Marguerite has lived the immigration process and her story spotlights the travesty taking place on our southern border.
Marguerite married Robert, her American sweetheart, in her native Canada. When their son was 5 months old they left Canada for Robert’s new job in Idaho. Leaving behind her five children from a previous marriage, Marguerite and Robert tried to cross into the US at Montana’s Sweetgrass crossing. Robert and the baby were allowed entry, but Marguerite was not; she was not a US citizen. She and her nursing baby returned to Canada while Robert pressed on to Idaho and contacted the regional director of Homeland Security, who granted Marguerite a humanitarian parole. She was allowed to enter the US for 12 months, providing she start the immigration process immediately and agree to not get a job, go to school, or accept any social services. She was told that if, for any reason, she left the US during the application process she would forfeit her previous efforts toward citizenship and start the process over again.
Two frustrating years followed during which Marguerite spent over $2000 in application fees attached to endless forms and documents that were mailed to California, New Hampshire and Missouri. The New Hampshire office insisted on original copies of her personal documents but refused to return them. They wanted her passport, as well. It had expired and she could not apply for a new one without the documents they held. With the intervention of a compassionate immigration officer, her documents were finally returned. Despite a current TB test and robust health, she was required to take two more TB tests before officials would process her paperwork.
Marguerite finally obtained legal status after two years and citizenship 2 ½ years after that. She had gone years without seeing her children in Canada. After the web of wasted time and money and the bureaucracy she had endured, she learned that her initial humanitarian parole could have given her citizenship in 6 months. No one had told her. As she waited she watched illegals working in local businesses n her community; she knew their illegal status through a neighbor who helped some of them apply for legal residence.
One particular incident frames Marguerite’s memory. She and Robert visited their local bank where Marguerite’s bank transaction was refused because she lacked citizenship. A line of individuals they knew were illegal moved unimpeded to process their transactions at another teller’s window. In his frustration, Robert asked why they could bank and his wife could not. He was told they had received special work numbers because they were from the southern border; Marguerite had come from the north.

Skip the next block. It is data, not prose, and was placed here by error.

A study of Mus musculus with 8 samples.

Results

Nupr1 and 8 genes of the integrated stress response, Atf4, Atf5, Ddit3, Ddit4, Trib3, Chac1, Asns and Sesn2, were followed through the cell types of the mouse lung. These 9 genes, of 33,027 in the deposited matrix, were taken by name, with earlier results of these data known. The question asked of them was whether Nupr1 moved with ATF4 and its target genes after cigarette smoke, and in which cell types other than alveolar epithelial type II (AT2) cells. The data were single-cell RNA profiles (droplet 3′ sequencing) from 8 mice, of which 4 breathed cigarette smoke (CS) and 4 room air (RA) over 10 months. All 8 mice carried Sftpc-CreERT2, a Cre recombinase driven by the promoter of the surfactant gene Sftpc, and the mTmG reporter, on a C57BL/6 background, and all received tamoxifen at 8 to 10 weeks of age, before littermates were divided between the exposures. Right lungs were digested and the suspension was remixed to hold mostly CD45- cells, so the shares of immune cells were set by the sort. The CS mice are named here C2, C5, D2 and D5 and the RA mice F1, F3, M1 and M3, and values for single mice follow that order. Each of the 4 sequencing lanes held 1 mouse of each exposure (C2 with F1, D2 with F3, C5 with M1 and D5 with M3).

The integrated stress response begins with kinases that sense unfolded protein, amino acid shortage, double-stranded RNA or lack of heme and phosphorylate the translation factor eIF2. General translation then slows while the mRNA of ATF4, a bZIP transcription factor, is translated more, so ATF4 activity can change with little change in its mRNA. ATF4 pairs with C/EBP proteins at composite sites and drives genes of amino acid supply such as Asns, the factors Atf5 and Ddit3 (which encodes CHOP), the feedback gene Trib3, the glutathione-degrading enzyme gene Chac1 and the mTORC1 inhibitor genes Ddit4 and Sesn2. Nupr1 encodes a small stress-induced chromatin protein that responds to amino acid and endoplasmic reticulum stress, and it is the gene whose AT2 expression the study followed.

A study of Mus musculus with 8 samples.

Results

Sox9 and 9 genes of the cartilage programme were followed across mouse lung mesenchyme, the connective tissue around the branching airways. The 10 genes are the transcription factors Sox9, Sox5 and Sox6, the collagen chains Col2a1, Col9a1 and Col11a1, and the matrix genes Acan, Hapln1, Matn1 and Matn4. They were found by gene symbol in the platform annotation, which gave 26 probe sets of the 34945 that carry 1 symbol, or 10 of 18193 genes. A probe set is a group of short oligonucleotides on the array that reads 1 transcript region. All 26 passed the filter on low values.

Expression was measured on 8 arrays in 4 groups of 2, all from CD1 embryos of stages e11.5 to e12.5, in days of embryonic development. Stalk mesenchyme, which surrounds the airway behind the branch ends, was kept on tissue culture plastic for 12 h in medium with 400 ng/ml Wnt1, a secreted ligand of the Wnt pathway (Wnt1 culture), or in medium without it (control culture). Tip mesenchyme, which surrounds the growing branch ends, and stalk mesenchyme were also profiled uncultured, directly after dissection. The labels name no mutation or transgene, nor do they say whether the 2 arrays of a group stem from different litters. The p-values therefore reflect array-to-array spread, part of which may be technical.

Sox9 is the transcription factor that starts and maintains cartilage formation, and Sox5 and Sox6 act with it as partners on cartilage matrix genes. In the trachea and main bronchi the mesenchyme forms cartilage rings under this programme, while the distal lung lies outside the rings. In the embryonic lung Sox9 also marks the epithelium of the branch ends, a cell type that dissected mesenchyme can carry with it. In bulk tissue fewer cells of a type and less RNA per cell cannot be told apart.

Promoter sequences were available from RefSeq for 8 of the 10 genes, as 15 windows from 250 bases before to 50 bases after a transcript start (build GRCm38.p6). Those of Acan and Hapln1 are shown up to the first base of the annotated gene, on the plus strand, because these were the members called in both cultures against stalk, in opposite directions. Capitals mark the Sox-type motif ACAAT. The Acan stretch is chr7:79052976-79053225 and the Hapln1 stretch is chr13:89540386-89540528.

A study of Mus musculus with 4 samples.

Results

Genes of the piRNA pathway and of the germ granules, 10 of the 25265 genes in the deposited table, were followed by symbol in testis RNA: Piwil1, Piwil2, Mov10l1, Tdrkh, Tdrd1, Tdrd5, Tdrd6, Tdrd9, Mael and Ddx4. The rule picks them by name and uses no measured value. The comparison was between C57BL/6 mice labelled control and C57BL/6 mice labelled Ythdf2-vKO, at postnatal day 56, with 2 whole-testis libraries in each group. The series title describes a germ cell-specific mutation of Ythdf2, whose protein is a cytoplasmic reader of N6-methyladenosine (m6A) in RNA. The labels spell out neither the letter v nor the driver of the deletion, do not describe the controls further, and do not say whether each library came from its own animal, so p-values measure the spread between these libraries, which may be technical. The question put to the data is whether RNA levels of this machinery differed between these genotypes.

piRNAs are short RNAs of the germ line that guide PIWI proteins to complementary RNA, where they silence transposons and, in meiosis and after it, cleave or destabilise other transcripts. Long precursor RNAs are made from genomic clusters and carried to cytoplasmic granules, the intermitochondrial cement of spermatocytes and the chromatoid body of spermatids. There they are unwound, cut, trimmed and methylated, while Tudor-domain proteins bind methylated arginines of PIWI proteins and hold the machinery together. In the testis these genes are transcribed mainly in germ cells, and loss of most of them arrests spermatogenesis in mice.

Despite the inequities and injustice, Marguerite loves the United States and has made the deliberate decision to adopt its laws and customs and show her respect through loyalty. She says she will continue to be an exemplary, upstanding citizen of the United States.
The contrast provided in Marguerite’s story illuminates the madness taking place on our southern borders, where iIlegal entry has become the norm. Border agents express deep frustration at their inability to control the illegal flood crossing our southern border. Once in the country, illegals get jobs, go to school, and receive free medical care and social services. According to the Treasury Inspector General for Tax Administration, they also fleece billions in child tax credits with the Individual Taxpayer Identification Numbers our government issues them. They pass through the border with little resistance, though few willingly go south. Little attempt is made to restrict those who bring in diseases that could become epidemic in the US. Border agents report that criminals, violent gang members and terrorists from countries around the world are crossing our southern border into the country, as well. The flood of illegals is gradually filtering north from the border. It will eventually reach Utah.
Illegals with no vested membership in the nation voted in droves in the last election, mainly for the political party that has condoned their illegal status. Eric Holder, our chief law enforcement officer, sues states such as Texas and Ohio that enforce their laws to check voter IDs, which defies rational explanation. Neither major political party appears capable of any action other than to accelerate this process to buy votes in the next election. The United States is being invaded on our southern border and the federal government is unmoved by the assault. This is insanity. It is rogue federalism: unequal and unfair enforcement with disregard for the rule of law by our nation’s own officials.
Can our republic survive this invasion? Where and when will it stop? When enough of us wake up to what is happening and act; when states unite to demand that the federal government abide by its own laws, and each state’s citizens insist that their states insist. It will end when we mean it—not until. Any delay multiplies the crisis. It’s time. Let’s roll.